Rural Library Collaborative and State Libraries Launch AI Project

The Collaborative Institute for Rural Communities Librarianship (CIRCL), Gigabit Libraries Network, and 14 state libraries announce the launch of the State Libraries and AI Technologies (SLAAIT) Working Group, 

SLAAIT LogoOver the past year, members of the Collaborative Institute for Rural Communities & Librarianship (CIRCL) have been working to identify and prioritize key issues affecting the rural community and library ecosystem. On February 1, they announced their first major initiative: the launch of the State Libraries and AI Technologies (SLAAIT) Project. Led by Dr. R. David Lankes, The Virginia & Charles Bowden Professor of Librarianship at the University of Texas at Austin, SLAAIT is a joint project of 14 state libraries and the Gigabit Libraries Network (GLN) to understand the opportunities, challenges, and risks associated with AI and the library sector.

“Artificial Intelligence (AI) has already profoundly changed the way people find information, communicate, produce media, and learn about the world. AI will continue to change work; from automation in manufacturing, to how energy is distributed across a smart grid, to the use of generative AI to produce marketing, the workforce of our states will change,” according to the SLAAIT web site.

Following the release of a federal executive order in October, an increasing number of state governments are also proposing or implementing new regulations and guidelines for the use of AI. This is creating a demand for strategic response from the state library agencies. State library agencies participating in SLAAIT include Texas, Georgia, Iowa, New Jersey, Colorado, Washington, Hawaii, Delaware, New York, North Carolina, Arizona, Tennessee, Michigan and Ohio. Participation remains open to interested state library agencies. “It feels like we are at another seminal crossroads in libraries and access to information,” said Jennifer Nelson, New Jersey State Librarian.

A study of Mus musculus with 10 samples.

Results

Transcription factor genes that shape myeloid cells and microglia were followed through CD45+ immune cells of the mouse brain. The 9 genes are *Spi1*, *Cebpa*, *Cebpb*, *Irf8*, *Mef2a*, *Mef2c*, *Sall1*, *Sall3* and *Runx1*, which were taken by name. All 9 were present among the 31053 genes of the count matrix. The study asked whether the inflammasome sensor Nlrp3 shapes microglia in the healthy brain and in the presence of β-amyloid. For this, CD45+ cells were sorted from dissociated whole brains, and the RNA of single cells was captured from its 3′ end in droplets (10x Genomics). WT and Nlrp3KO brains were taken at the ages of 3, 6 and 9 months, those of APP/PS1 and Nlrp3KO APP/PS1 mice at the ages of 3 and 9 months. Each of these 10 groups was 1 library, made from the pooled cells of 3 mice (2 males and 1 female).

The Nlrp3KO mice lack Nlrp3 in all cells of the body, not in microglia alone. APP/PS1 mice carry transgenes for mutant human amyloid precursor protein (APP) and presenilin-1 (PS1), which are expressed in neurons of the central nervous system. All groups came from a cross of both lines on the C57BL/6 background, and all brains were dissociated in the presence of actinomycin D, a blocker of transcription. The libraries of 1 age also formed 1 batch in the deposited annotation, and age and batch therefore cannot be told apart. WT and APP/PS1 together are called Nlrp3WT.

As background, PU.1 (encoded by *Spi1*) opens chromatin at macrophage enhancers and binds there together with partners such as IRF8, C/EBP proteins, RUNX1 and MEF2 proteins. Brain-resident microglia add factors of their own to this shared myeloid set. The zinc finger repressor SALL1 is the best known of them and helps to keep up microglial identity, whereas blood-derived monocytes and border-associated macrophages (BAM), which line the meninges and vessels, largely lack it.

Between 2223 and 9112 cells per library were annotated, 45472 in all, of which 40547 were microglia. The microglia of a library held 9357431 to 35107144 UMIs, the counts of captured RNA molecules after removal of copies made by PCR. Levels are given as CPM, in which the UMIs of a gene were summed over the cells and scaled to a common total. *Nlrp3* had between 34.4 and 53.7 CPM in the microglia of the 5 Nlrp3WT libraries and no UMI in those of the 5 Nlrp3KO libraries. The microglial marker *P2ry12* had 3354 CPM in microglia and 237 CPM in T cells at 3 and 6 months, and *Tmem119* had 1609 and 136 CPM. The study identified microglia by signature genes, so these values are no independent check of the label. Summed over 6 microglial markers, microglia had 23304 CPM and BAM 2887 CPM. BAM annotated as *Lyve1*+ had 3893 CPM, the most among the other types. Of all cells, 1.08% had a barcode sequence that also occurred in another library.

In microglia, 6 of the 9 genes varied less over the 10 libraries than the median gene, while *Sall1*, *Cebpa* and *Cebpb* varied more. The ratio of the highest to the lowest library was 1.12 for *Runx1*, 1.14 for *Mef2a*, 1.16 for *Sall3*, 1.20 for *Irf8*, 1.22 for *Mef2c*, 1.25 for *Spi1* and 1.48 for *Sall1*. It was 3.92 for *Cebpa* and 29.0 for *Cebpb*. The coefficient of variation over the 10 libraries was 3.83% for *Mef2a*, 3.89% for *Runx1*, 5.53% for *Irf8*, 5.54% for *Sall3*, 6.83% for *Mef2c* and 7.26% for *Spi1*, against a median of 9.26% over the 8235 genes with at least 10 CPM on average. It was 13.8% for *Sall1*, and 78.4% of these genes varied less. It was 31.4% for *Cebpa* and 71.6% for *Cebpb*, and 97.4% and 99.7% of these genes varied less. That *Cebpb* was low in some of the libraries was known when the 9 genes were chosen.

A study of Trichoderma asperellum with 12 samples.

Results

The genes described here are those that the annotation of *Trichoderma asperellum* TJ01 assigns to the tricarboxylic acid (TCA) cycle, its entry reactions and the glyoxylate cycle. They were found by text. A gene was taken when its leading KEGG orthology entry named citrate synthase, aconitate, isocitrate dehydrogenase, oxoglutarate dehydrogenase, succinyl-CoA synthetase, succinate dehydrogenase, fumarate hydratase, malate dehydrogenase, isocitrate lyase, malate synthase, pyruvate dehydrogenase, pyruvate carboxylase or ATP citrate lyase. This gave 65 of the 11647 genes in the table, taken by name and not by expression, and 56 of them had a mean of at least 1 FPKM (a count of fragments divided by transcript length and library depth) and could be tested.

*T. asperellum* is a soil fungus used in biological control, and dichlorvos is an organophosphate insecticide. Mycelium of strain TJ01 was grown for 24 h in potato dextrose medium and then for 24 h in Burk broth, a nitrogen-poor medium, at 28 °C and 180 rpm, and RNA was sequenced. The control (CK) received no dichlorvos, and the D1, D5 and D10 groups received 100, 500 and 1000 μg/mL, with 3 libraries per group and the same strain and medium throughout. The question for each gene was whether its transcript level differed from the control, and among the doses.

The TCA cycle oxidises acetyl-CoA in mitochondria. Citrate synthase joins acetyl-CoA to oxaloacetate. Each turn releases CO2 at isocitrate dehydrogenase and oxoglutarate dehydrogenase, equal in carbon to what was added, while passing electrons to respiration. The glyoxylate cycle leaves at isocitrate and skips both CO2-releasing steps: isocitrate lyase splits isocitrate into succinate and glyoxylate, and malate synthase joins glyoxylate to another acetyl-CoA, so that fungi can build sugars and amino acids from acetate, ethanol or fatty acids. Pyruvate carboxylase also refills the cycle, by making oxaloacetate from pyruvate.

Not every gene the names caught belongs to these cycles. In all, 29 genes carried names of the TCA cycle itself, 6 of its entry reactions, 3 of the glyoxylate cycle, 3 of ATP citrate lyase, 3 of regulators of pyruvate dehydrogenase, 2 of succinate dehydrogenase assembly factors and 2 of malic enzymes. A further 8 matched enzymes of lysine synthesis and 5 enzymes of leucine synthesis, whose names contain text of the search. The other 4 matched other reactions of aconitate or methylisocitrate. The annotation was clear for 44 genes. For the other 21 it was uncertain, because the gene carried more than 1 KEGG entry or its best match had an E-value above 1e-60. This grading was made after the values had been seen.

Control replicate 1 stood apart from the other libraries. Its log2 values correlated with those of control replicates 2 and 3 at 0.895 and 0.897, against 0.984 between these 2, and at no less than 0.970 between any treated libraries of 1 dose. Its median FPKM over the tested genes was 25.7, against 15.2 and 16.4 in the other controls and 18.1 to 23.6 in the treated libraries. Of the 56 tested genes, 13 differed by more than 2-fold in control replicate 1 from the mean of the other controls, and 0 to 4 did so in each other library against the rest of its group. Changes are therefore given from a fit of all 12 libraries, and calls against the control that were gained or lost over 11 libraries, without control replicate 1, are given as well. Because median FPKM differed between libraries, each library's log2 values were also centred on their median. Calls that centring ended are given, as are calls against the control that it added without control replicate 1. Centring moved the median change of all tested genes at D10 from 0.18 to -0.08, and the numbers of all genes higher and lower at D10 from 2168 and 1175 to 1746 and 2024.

The project was introduced at a session of Libraries in Response, the Gigabit Library Network's web series on library responses to not only the COVID-19 crisis but to an ongoing set of crises since. “It’s been nonstop. A veritable cascade of crises: health, social, economic, political, overarching climate, and now AI. All challenging librarians’ abilities to rapidly adapt service models,” said Don Means, GLN Director.

The SLAAIT working group will explore the varied roles state libraries can play in using AI and building capacity among library partners, specifically related workforce development in AI. Over the next six months, the SLAAIT working group intends to develop a detailed report on its research, tailored recommendations for participating libraries, and online workshops for library staff.


Hallie Rich

Hallie Rich is Editor-in-Chief of Library Journal.